It's often said that Los Angeles is a mishmashy metropolis in proud possession of every architectural style ever invented. Want to see a witch's cottage? We've got 'em. Regal Art Deco buildings? They're plentiful. Houses that resemble spaceships? It would be ridiculous if we didn't have a few, being a town built on fantasy.
But we don't always extend that place-based imagination to our nature. All sorts of wild things sprout and flow here, and yet some might be dubious that our concrete colossus, the Los Angeles River, has some sections that have, wait for it, true honest-to-grit dirt bottoms.
You can glide over those dirt bottoms, the kind found in creeks and streams in the mountains and beyond, if you step into a kayak during Paddle the River, the summertime program overseen by The Los Angeles Conservation Corps.
It's not every day of the summer, meaning tickets fly like the cormorants and brown pelicans sometimes seen around the river. The dates are June 4 through Sept. 23, the guide-led kayak outings are Fridays through Sundays, tickets are fifty bucks a pop, and they went on sale on Monday, May 18.
And the section of the river you'll be paddling along? A 1.5-mile run in the San Fernando Valley. The meet spot is "the parking lot near the entrance of Lake Balboa/Anthony C. Beilenson Park off Balboa Blvd between Victory Blvd and Balboa Blvd," to give you an idea of where you'll be headed.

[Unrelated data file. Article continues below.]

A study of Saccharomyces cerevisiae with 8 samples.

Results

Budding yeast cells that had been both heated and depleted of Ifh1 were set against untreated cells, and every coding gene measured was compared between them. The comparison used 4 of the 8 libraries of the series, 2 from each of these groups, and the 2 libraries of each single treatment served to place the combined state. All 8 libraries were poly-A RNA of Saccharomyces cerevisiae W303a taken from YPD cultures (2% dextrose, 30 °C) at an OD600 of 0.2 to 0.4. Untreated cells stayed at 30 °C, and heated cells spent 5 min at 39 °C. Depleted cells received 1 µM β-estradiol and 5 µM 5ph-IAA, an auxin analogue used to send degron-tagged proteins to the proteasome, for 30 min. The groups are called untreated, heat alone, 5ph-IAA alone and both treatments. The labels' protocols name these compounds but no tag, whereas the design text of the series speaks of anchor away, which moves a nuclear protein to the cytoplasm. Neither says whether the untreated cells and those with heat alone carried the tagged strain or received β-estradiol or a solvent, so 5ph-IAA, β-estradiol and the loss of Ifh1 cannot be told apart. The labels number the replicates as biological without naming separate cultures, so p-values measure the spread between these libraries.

But best line up those tickets well in advance of showing up; Paddle the River has proven to be exceedingly popular. There are "(a)pproximately 3,000" spaces for the 2015 summer. The Corps helps "at-risk youth with opportunities for success through job skills training, education, work experience, and career readiness training," so your ticket price will lend support there.
If you've driven over our urban waterway, or seen photos, or paused along its edges to look down, and haven't yet engaged with it in its dirt-bottom, bird-drawing, flora-fantastic state, this could be your summer.
LA is home to many building styles, it is true, and we even have a river that is, in part, very much like rivers elsewhere, in all of their burbling, natural, non-concrete-y states.